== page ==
The window of the apartment Terry Arnold lived in at the time of the murder. He had a clear view from this window of the Ideal Dount Shop
This is outside of the Ideal Donut Shop. He ran in this direction toward the Norwood bridge where he then dropped the evidence into the river right after the murder
There are so many clues that indicate Terry Arnold got away with murder. It's a shame for the Stoppel family that they couldn't seek justice before it was too late when Arnold committed suicide in 2005. Arnold was found in his Victoria apartment deceased from a drug and alcohol overdose at the age of fourty-two. Next to his body was a three page suicide note with his fingerprints on it.
Arnold was first interviewed by police shortly after the attack when he visited Barbara in the hospital. He told the Stoppel family that he was a truck driver and frequented the donut shop. The constable who interviewed him admits noticing that he resembled the composite drawing and that he seemed "somewhat strange". It's also known that Arnold lived directly across the street from the restaurant. At about the same time a friend of Arnold's called the police and said that he bore a striking similarity to the killer in the papers. He was then interviewed again in which he did confess to having a crush on Barbara. Despite all this the police did not pursue Arnold any further at this point. They even had his fingerprints on file and didn't bother to compare them to the ones found at the murder scene. Arnold also said later that he was housed with Thomas Sophonow in the Winnipeg Remand Centre while serving time for arson. He claimed that Sophonow confessed to killing Barbara and offered to testify against him.
More recently the police revealed that they had contact with Arnold a number of times during the investigation. On three separate occasions he had provided information about five different possible suspects. Was he diverting attention away from himself?
In April 2005, a Winnipeg newpaper said evidence which may have been linked to Terry Arnold apparently vanished before it could be tested. Crucial evidence including: her socks, shoes and a discarded tissue. The report prepared about Arnold's suicide note outlined the allegated difficultes Sergeant Andrew Mikolajewski faced in trying to re-investigate the murder. This report had been kept secret by the Winnipeg Police Service since the day it was filed. Stoppel's brother Rick said he had obtainted the report from an anonymous source and released it to the media to show how police failed to properly investigate her murder.
Sophonow was tried three times for the murder of Barbara Stoppel before being aquitted by the Manitoba Court of Appeal in 1985.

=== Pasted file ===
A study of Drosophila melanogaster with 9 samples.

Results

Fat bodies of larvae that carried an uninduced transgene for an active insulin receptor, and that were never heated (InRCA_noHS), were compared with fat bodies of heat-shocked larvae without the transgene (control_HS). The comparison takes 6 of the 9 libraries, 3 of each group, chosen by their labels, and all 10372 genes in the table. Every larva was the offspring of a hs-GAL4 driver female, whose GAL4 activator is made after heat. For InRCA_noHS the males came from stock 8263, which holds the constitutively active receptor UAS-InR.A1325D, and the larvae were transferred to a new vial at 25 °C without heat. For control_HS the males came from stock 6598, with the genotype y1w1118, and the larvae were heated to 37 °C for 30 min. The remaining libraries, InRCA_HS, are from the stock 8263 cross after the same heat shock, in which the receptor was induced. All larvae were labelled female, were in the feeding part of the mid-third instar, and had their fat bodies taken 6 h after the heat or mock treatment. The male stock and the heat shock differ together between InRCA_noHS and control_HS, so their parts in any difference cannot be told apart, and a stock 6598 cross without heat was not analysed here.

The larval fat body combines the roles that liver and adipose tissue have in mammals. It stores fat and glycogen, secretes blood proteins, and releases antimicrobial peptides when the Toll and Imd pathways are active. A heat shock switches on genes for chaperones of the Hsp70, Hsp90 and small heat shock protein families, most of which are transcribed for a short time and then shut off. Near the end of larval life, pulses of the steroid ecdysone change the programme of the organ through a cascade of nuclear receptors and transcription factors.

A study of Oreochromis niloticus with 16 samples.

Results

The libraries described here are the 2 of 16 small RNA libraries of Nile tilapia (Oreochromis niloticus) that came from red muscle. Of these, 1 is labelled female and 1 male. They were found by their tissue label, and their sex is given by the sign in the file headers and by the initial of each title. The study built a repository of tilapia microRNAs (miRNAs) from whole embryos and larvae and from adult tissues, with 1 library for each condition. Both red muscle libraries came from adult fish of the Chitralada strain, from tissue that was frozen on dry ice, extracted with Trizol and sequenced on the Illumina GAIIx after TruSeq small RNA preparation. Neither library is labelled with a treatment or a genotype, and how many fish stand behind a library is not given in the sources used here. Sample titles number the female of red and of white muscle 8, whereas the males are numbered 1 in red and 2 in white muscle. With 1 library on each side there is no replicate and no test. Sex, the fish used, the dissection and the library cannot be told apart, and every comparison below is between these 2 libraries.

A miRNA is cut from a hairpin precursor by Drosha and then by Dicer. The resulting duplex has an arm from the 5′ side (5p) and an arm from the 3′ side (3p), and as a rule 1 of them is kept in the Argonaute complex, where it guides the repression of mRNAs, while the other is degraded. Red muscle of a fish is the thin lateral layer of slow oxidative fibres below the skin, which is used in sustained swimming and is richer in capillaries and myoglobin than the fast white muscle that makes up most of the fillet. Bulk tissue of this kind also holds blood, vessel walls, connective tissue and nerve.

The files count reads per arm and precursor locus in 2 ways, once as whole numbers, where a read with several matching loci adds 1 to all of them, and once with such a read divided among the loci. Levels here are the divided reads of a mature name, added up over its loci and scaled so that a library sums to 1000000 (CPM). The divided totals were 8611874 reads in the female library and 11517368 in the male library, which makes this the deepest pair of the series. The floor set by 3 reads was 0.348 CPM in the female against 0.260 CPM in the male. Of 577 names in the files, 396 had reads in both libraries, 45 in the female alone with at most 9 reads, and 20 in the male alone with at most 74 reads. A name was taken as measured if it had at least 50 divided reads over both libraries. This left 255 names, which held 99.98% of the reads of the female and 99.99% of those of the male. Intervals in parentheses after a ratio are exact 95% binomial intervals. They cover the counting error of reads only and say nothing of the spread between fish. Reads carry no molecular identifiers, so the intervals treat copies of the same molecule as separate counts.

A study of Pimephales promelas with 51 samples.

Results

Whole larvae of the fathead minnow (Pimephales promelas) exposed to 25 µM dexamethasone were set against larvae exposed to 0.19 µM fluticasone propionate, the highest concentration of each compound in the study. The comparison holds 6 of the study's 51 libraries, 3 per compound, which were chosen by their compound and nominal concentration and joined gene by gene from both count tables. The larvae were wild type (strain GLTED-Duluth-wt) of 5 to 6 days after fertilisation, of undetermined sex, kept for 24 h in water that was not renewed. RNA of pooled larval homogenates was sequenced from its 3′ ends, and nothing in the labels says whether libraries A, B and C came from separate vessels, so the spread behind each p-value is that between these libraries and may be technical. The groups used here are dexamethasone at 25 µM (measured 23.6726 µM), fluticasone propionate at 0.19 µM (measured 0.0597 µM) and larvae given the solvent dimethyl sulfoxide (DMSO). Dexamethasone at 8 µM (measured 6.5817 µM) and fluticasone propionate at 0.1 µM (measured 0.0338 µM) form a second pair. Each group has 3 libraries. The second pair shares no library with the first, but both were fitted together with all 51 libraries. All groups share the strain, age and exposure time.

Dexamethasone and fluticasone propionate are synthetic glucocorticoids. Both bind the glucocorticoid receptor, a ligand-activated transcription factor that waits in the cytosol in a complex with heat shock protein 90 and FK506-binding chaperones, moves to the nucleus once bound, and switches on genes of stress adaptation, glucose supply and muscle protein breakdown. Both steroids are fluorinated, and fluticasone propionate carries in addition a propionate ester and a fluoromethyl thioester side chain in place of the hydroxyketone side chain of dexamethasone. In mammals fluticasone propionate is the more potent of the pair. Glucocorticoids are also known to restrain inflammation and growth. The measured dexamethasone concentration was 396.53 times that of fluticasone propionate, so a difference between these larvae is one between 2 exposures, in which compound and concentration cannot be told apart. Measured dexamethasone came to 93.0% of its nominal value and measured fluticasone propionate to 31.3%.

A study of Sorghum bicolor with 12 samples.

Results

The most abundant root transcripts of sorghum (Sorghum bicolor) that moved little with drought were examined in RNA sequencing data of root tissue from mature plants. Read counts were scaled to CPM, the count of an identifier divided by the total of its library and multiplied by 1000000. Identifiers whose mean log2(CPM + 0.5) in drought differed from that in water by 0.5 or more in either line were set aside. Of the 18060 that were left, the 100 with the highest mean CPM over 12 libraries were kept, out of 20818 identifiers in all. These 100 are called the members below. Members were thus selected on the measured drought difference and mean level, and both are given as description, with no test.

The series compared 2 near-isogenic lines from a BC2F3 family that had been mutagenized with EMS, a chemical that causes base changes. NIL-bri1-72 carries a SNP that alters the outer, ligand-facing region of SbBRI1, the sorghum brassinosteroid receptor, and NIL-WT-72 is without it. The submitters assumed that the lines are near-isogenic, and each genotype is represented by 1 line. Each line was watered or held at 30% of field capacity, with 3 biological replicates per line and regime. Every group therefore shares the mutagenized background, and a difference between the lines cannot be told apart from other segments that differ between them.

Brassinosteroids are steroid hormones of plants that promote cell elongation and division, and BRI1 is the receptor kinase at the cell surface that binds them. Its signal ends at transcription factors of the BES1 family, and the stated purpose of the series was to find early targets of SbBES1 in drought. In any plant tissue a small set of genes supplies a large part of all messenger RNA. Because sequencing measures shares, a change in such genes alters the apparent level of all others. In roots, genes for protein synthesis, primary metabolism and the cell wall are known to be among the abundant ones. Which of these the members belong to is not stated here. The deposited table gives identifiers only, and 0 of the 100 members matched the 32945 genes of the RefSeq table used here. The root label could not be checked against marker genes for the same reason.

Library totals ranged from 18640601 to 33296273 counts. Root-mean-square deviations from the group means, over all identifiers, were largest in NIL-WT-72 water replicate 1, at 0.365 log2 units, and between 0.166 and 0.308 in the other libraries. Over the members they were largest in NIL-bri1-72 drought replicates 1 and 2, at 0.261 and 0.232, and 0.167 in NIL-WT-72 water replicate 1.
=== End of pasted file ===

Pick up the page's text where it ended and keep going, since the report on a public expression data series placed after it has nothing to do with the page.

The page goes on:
In 1987 Arnold was the prime suspect in the unsolved murder of 17 year old Denise Lapierre. She disappeared in Calgary around 2 a.m. on June,22,1987. She had had a party at her home and decided to walk over to another party which was happening only a block away. About 22 hours later a long-distance operator called local police and said that a man contacted her saying there was a body dumped in an alley close by his home.
The case went cold until 1997 when a special task force narrowed the list of suspects to just one. Retired Sargeant George Rocks was convinced that Arnold was the killer. Was it a coincidence that her body was found only a few steps away from where Terry Arnold was staying at the time?
Despite all this evidence from the murder scene (including DNA) there was a judicial order in place preventing Calgary police from revealing the details of their investigation into Arnold. Need to also mention that his DNA was already in the database at this time.
In 1999 Arnold was convicted of the first degree murder of 16 year old Christine Browne. He confessed to raping and killing her. He had clubbed her over the head with a rock on a remote hillside near Hedley, B.C., in 1991. Her skeletal remains weren't discovered until the fall of 1992 and her identity remained undetermined until January, 1994.
He ended up serving only five years of a life sentence and then won a new trial on appeal after arguing that some documents had not been made available to him. The Crown revealed that it haden't disclosed the statements of two women who knew Arnold at the time of the Browne murder. Undercover officers created a sting operation in 1997 portraying themselves as gang leaders. They had convinced Arnold that as long as he came clean about his criminal past he could become part of their gang. Arnold's lawyer also claimed that the women later told police that the Terry believed someone would kill or set him up if he didn't do what he was told.
The B.C. Crown's office decided to stay the charge against Arnold and he was freed in 2002.
He was found guilty in the rape of four Newfoundland girls; one only being 10 years old, convicted of sexual assualt in Chilliwack, B.C. in 1988 as well as a suspect in the disappearance of Roberta Ferguson whom went missing at Cultus Lake while she was camping.